Say I develop for 15 minutes with a film that has an ISO of 100. If I were to use the same developer with ISO 200, 400, 800, etc how would the time (or amount of chemicals if so) change?
Have you read your developer/film manual? Usually if you are pushing film (ISO100 film shot as ISO400 for example) you need to increase development time. The relation is not linear and depends on film-developer combination.
For example, you can see how Ilford specifies its Delta 3200 development time depends on ISO setting that you used to shoot film ("meter setting"):
As you can see here, dilution of developer (first column, "1+4", "1+15" etc) increases required development time.
In practice, you should find out development setting that gives you the result you want, starting with manufacturer's information for your film.
If I were to use the same developer with ISO 200, 400, 800, etc how would the time (or amount of chemicals if so) change?
It's not clear whether you're talking about pushing the film (exposing film at higher ISO than it's actual rating) or using films with different ISO ratings, but either way the processing time usually increases with higher ISO. The catch is that the recommended dilution ratio may also be different, and that also affects developing time. Black and white film usually comes with a data sheet (or it did the last time I bought some, anyway) that gives you the time, temperature, and concentration for recommended developers. You can also find a lot of information online, like here.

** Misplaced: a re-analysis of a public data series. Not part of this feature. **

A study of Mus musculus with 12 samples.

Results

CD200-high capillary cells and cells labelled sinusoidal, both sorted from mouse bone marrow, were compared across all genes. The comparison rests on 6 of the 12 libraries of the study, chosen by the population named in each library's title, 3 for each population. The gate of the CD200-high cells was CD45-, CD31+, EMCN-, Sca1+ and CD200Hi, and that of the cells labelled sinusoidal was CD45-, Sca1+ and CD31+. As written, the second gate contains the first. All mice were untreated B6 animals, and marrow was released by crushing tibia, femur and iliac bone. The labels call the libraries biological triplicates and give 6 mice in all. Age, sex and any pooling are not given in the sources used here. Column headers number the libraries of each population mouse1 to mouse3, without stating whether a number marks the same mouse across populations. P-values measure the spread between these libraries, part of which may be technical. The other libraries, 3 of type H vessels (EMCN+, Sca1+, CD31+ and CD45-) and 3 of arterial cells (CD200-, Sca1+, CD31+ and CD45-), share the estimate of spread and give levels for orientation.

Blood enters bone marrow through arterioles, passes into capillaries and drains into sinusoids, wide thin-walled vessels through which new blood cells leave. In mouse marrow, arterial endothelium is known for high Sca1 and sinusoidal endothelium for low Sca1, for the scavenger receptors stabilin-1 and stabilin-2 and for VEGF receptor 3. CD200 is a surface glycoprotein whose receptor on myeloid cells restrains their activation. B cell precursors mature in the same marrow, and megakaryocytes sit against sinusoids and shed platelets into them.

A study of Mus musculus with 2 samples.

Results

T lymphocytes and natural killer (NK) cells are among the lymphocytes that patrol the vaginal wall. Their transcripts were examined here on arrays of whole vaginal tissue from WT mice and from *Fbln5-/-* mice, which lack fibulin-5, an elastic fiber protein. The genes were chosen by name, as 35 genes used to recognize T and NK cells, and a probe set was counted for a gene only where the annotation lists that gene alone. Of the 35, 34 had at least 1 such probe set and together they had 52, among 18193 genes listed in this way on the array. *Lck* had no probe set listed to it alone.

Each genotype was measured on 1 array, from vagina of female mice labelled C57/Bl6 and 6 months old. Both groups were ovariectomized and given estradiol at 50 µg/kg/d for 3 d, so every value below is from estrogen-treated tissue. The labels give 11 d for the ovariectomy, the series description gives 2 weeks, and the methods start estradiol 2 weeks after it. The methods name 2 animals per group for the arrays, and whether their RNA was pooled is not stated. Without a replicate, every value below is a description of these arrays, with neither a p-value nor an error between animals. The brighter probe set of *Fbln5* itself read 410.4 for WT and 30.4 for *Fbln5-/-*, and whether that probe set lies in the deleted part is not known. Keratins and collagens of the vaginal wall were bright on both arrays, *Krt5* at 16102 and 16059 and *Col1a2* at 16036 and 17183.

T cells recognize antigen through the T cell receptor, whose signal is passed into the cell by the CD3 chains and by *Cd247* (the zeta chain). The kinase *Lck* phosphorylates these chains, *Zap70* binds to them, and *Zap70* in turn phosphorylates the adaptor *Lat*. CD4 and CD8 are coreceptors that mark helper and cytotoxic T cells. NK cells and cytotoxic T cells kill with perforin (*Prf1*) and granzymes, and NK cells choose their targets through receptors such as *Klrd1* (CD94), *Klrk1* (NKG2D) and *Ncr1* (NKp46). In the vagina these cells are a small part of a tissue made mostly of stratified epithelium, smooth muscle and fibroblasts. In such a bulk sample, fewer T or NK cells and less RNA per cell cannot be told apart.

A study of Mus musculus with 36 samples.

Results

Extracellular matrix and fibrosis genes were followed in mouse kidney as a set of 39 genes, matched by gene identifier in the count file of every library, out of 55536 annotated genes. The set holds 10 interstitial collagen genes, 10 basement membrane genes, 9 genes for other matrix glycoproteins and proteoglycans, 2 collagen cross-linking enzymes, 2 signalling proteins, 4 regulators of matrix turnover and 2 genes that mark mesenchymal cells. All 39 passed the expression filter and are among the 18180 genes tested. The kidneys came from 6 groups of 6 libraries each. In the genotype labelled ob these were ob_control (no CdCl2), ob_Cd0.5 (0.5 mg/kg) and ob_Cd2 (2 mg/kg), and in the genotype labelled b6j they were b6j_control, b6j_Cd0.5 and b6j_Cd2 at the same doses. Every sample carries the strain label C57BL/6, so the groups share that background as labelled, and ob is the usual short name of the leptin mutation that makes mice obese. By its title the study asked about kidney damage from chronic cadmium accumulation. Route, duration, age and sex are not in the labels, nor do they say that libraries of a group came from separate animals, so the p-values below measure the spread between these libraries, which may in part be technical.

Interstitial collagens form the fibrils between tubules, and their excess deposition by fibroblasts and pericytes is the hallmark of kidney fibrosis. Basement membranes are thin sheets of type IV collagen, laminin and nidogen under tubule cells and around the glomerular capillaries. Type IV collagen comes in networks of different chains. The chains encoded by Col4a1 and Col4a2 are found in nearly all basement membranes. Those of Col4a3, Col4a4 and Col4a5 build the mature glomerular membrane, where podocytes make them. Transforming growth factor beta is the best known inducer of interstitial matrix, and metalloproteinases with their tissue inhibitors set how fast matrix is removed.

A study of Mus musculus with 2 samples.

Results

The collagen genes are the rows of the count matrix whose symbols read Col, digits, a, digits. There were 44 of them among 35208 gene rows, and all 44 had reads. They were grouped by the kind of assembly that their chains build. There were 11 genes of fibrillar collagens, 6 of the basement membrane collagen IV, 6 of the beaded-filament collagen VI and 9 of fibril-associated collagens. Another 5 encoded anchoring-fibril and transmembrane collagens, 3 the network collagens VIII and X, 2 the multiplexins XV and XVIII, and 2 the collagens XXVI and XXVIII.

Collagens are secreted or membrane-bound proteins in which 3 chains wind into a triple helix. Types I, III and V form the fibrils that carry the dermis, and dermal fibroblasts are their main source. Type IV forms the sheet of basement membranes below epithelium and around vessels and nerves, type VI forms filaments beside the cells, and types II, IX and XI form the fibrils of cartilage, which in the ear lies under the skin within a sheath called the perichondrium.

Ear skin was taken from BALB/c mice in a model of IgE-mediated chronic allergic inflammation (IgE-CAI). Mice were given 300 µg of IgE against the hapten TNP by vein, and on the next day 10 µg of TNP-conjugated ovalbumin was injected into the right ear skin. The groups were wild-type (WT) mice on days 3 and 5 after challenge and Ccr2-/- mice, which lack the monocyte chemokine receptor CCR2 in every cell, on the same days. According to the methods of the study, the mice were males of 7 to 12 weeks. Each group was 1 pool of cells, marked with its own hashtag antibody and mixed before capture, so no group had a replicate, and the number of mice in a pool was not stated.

Basically, when you develop black and white film, the developer changes the silver halide that has been exposed to light into metallic silver. The longer you leave the film in the developer, the further that reaction can proceed. Conversely, film that has been exposed to less light (as when you shoot at higher than the rated ISO) needs more opportunity for that reaction to happen, which means that you need either more time, more concentrated developer, more agitation, higher temperature, or some combination of those factors in order to develop the film. I doubt the the effect of any of those factors on the film is linear, so it's really best to start with a known recipe and work from there, adjusting according to your experience and preference.
If you're shooting film that has a higher ISO rating in the first place, that just means that the emulsion is formulated to be more sensitive and therefore requires less light for a proper exposure.